Free food & report cards – Labour's education reforms
By Samantha Hayes
The Labour Party has come to life with an attack on the Government's education record.
Opposition leader David Shearer says he plans to transform the country through education and end the inequality faced by impoverished children.
Mr Shearer has gone on the offensive, calling the Government's education record abysmal and appalling.
“What single thing has this Government come up with in terms of helping kids get better learning?” asks the Labour Party leader. “They've come up with larger class sizes, charter schools, unregistered teachers. It's all going backwards.”
The former teacher today announced he wants to transform education by extending the Food in Schools programme to all decile-one to three schools, at a cost of $19 million. Mr Shearer wants to roll out Reading Recovery to all schools, at an extra $20 million, and introduce report cards for schools instead of league tables.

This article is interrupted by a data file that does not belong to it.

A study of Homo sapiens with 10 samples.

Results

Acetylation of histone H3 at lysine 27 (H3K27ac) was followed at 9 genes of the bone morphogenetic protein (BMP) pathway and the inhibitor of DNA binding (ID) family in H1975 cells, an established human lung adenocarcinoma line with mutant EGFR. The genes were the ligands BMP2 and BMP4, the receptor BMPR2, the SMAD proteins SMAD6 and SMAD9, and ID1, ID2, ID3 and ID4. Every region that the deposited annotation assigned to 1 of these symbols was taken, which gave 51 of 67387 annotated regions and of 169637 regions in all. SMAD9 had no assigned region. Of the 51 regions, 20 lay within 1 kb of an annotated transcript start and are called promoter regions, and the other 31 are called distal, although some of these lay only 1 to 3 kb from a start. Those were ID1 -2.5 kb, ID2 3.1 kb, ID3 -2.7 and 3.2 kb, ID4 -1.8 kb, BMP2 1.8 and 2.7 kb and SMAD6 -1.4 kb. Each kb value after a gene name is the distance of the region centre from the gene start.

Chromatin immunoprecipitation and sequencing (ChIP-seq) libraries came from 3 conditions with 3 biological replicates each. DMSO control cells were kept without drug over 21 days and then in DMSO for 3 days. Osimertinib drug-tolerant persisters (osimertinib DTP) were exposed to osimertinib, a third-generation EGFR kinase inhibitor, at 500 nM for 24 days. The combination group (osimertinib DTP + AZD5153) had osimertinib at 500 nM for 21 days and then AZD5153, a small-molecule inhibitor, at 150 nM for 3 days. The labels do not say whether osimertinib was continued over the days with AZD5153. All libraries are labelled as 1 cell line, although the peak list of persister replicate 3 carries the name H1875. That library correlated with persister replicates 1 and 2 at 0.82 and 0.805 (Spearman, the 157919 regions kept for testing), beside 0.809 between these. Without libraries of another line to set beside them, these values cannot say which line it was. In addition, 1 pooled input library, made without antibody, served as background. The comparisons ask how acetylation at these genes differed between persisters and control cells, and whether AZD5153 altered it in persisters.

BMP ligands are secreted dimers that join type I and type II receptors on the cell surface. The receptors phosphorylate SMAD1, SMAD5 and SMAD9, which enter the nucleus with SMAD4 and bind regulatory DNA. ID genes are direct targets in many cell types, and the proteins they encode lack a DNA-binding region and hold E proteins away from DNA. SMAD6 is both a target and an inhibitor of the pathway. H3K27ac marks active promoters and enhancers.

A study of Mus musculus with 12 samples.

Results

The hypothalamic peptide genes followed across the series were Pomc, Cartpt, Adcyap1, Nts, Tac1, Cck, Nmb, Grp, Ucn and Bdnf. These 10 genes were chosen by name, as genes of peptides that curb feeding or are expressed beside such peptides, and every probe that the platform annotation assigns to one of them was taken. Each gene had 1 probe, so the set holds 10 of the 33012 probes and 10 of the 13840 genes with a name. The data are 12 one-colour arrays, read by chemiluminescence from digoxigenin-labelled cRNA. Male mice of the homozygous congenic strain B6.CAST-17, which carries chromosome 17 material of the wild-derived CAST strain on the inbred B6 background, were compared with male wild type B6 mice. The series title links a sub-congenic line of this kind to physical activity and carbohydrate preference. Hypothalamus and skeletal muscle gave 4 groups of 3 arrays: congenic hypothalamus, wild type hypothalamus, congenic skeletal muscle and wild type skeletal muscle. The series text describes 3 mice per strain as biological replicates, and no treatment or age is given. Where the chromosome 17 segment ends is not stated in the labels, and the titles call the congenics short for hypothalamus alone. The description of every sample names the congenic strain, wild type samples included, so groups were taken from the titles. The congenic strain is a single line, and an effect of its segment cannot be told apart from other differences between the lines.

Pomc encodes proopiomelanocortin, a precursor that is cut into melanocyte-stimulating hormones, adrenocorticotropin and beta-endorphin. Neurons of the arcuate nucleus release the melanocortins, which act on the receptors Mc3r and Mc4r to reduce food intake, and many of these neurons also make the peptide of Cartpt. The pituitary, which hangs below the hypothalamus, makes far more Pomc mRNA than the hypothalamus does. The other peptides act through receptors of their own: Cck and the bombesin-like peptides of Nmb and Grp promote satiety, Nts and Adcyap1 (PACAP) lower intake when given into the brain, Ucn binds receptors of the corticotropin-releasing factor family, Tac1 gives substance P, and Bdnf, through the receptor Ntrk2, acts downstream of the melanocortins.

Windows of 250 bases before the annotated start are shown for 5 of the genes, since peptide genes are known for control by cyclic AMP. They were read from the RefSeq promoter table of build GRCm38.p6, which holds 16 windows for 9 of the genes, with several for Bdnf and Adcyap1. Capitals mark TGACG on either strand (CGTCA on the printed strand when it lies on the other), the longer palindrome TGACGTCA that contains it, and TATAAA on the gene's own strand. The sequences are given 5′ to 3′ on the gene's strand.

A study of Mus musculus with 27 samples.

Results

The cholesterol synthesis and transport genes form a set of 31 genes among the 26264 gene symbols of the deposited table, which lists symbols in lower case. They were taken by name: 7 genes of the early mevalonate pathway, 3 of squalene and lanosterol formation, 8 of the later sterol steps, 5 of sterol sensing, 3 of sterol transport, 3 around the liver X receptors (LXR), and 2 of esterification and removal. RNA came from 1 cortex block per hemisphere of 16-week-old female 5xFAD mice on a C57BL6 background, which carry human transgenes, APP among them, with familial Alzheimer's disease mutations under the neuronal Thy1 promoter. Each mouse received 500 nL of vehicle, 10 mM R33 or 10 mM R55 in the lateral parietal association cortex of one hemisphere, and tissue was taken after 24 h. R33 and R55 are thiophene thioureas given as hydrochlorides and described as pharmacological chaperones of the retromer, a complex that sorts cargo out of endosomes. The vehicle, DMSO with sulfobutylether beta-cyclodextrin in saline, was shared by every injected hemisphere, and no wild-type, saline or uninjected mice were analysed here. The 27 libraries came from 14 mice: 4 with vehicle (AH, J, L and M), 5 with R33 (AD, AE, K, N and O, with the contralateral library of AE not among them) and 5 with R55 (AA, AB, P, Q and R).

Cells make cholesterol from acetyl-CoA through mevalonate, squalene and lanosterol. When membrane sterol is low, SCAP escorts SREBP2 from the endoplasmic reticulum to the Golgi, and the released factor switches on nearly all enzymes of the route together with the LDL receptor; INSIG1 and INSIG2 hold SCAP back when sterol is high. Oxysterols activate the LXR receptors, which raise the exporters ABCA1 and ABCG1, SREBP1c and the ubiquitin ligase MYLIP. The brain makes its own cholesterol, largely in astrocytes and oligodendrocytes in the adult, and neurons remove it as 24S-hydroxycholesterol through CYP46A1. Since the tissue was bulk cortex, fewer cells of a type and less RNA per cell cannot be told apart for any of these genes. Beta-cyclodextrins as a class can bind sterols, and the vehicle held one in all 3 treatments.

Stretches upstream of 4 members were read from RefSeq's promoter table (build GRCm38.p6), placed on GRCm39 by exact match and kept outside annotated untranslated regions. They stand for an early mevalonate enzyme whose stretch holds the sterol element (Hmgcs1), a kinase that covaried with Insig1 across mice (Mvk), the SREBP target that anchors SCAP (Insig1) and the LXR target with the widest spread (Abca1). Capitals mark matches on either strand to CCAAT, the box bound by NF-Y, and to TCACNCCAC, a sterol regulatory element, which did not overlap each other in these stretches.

“I don't need to know whether my school is better than the one across town, based on a bunch of shonky figures that even [Prime Minister] John Key says are dopey,” says Mr Shearer. “Or ropey? He uses dopey and ropey interchangeably.”
In Vladivostok for APEC, the Prime Minister claimed most schools already had mechanisms in place for impoverished children.
“Not every school wants every child to be provided a lunch,” says Mr Key. “There are many families that can provide those lunches.”
But the Government's own statistics show more than 80,000 children often go without breakfast.
“New Zealand is now more unequal than it ever has been,” says David Shearer. “That's a disgrace and eradicating the causes of poverty will be a priority of the next Labour Government.”
Mr Shearer made the lofty promise of providing the world's best education at every school, with more announcements to come. This is the new political battleground – Labour knows it's on to a vote-winner if it can find the money to pay for its promises.